Pentecostals and Roman Catholics on Becoming a Christian, Dr. Karen Murphy explores the fifth round of the International Roman Catholic-Pentecostal Dialogue (1998-2006). Discussing Spirit-baptism, faith, conversion, experience, and discipleship, Dr. Murphy notes areas in which the Dialogue has evolved since its inception in 1972. She unpacks the commonalities that bond Catholics and Pentecostals and examines theological divergences and challenges to dialogue. While Catholics approach becoming a Christian from a sacramental perspective, most Pentecostals think of Christian initiation in non-sacramental, or conversionist, terms, a reality that fosters ongoing tensions between the two traditions. Dr. Murphy reveals how Catholics and Pentecostals seek to overcome this dichotomy by honoring spirituality and experience as integral to the ecumenical encounter.
Crossings and Dwellings, Kyle Roberts and Stephen Schloesser, S.J., bring together essays by eighteen scholars in one of the first volumes to explore the work and experiences of Jesuits and their women religious collaborators in North America over two centuries following the Jesuit Restoration.
Long dismissed as anti-liberal, anti-nationalist, and ultramontanist, restored Jesuits and their women religious collaborators are revealed to provide a useful prism for looking at some of the most important topics in modern history: immigration, nativism, urbanization, imperialism, secularization, anti-modernization, racism, feminism, and sexual reproduction. Approaching this broad range of topics from a variety of disciplinary perspectives, this volume provides a valuable contribution to an understudied period.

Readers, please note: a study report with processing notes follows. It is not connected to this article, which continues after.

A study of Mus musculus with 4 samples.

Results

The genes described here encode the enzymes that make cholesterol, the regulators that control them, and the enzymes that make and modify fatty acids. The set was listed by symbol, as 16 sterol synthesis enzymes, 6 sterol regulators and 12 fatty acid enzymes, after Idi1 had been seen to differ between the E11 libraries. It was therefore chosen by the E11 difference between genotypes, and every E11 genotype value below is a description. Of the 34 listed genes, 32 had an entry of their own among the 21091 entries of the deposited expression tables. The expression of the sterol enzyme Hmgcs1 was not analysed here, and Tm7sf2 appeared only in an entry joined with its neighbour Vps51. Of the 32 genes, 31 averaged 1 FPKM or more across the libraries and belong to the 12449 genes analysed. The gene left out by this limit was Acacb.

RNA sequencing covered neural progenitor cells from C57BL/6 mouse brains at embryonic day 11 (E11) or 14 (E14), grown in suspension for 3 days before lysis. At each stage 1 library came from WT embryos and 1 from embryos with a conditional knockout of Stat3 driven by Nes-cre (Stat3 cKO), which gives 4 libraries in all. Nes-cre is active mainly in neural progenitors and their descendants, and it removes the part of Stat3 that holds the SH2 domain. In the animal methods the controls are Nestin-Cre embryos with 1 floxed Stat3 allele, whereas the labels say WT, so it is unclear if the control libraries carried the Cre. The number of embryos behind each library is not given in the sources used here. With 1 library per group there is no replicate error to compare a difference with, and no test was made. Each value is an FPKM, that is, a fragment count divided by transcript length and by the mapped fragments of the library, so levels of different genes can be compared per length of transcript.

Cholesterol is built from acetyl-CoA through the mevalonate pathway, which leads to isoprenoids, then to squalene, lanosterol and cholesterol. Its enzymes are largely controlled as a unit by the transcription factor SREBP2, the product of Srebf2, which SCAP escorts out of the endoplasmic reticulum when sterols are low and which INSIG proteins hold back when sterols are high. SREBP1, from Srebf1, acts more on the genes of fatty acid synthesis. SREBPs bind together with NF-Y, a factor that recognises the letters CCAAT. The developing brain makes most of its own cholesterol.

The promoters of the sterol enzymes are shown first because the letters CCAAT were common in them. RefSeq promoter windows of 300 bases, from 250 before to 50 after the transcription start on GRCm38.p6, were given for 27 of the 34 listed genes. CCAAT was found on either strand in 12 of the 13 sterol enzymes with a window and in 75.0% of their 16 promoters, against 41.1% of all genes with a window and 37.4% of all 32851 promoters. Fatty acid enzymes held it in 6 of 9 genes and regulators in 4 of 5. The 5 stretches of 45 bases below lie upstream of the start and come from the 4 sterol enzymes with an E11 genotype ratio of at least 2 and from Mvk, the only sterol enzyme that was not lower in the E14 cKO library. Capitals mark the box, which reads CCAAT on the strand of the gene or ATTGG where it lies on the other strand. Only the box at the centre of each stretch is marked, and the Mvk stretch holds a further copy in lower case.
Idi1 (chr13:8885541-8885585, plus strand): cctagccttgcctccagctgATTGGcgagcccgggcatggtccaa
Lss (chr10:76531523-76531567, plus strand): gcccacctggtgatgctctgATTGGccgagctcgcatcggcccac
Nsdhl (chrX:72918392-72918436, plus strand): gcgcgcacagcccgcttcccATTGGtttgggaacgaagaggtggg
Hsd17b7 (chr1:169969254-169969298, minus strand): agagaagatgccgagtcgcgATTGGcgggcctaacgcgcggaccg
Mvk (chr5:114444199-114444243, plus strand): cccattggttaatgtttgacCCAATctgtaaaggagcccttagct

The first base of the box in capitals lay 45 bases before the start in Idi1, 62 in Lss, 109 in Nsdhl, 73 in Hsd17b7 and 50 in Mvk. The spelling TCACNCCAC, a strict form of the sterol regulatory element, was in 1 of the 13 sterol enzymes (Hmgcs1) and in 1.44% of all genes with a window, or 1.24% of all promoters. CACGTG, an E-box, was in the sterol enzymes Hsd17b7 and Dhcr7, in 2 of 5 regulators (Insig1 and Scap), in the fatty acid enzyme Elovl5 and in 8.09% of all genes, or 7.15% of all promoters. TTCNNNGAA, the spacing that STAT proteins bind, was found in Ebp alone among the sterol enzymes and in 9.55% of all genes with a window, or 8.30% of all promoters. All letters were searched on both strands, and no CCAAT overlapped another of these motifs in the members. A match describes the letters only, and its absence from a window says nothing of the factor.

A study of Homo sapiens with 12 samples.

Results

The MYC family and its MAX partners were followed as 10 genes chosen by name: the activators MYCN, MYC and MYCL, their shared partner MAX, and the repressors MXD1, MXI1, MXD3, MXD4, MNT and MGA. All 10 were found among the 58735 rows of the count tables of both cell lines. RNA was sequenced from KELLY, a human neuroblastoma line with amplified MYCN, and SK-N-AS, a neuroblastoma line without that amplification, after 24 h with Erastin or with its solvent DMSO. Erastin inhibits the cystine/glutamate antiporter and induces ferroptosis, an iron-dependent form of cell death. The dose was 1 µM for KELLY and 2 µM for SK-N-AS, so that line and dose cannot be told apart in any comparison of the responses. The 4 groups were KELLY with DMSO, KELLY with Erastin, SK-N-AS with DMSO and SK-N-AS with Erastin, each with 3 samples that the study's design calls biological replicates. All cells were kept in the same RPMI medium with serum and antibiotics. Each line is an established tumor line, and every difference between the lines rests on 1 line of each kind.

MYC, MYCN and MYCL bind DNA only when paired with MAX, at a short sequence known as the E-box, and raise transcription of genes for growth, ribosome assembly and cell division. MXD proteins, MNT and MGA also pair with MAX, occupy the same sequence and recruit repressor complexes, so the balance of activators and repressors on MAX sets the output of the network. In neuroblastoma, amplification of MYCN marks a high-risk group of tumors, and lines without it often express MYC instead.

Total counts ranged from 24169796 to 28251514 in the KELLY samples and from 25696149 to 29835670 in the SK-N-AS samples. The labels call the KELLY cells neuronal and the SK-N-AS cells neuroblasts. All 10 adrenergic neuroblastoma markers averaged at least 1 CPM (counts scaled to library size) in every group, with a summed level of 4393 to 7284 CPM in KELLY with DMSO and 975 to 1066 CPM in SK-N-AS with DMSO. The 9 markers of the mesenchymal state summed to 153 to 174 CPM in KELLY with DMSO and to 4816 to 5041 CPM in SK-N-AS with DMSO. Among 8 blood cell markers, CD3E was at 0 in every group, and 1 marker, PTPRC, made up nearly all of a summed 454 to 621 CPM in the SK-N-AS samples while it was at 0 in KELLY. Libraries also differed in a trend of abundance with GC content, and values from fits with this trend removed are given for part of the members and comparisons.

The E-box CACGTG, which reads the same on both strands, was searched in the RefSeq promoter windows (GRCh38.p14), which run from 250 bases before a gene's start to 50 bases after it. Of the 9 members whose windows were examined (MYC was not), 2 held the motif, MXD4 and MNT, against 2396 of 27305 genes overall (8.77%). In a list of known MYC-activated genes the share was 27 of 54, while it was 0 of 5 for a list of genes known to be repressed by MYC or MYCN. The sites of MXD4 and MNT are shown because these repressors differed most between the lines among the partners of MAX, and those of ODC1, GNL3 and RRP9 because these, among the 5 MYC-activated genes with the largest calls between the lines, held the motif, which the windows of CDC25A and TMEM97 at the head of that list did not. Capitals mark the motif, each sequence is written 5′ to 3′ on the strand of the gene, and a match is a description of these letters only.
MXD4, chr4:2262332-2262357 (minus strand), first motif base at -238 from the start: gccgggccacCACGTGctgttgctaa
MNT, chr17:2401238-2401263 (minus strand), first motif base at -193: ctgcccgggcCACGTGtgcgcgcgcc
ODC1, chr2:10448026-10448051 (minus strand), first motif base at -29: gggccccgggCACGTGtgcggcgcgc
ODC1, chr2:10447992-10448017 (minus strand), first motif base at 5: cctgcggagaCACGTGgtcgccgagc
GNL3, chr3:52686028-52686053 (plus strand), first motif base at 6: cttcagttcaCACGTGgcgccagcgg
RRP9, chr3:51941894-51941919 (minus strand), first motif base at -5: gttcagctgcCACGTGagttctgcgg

Founding Father, Michael F. Lombardo provides the first critical biography of John J. Wynne, S.J. (1859-1948). One of the most prominent American Catholic intellectuals of the early twentieth century, Wynne was founding editor of the
Catholic Encyclopedia (1907) and the Jesuit periodical
America (1909), and served as vice-postulator for the canonization causes of the first American saints (the Jesuit Martyrs of North America) and Kateri Tekakwitha.
Lombardo uses theological inculturation to explore the ways in which Wynne used his publications to negotiate American Catholic citizenship during the Progressive Era. He concludes that Wynne’s legacy was part of a flowering of early-twentieth century American Catholic intellectual thought that made him a key forerunner to the mid-century Catholic Revival.
Despite shifts in the religious landscape in North America--reflected in the significant increase in those with no religious affiliation and emptier pews across the religious spectrum--there has also been a rise in participation in faith-based grassroots organizations. People of faith are increasingly joining broad-based organizing efforts to seek social change in their communities, regions and country.
This unique volume brings together the most current thinking on faith-based organizing from the perspective of theologians, social researchers and practitioners. The current state of faith based organizing is critically presented, as it has evolved from its roots in the mid-twentieth century into a context which raises new questions for its philosophical assumptions, methodology, and very future.
Originally published as issue 4 of Volume 6 (2012) of Brill's
International Journal of Public Theology.
David du Plessis and the Assemblies of God Joshua R. Ziefle details the complicated tensions that arose during the Charismatic Movement of the 1960s and 1970s. He highlights the story of Pentecostal missionary David du Plessis, whose deep involvement in every area of the revival illustrates the tenor of the movement and the controversies it engendered.
Du Plessis’s ejection from the ministerial ranks of the Assemblies of God over his continued involvement with non-Pentecostals and the denomination’s slow but steady rapprochement with the ecumenism of the Charismatic Movement are important themes in this monograph. Ultimately, Ziefle argues that both du Plessis’s enthusiastic embrace of charismatics and the Assemblies’ own hesitant approach to Spirit-filled Roman Catholics and mainline Protestants represent persistent hallmarks of Pentecostalism.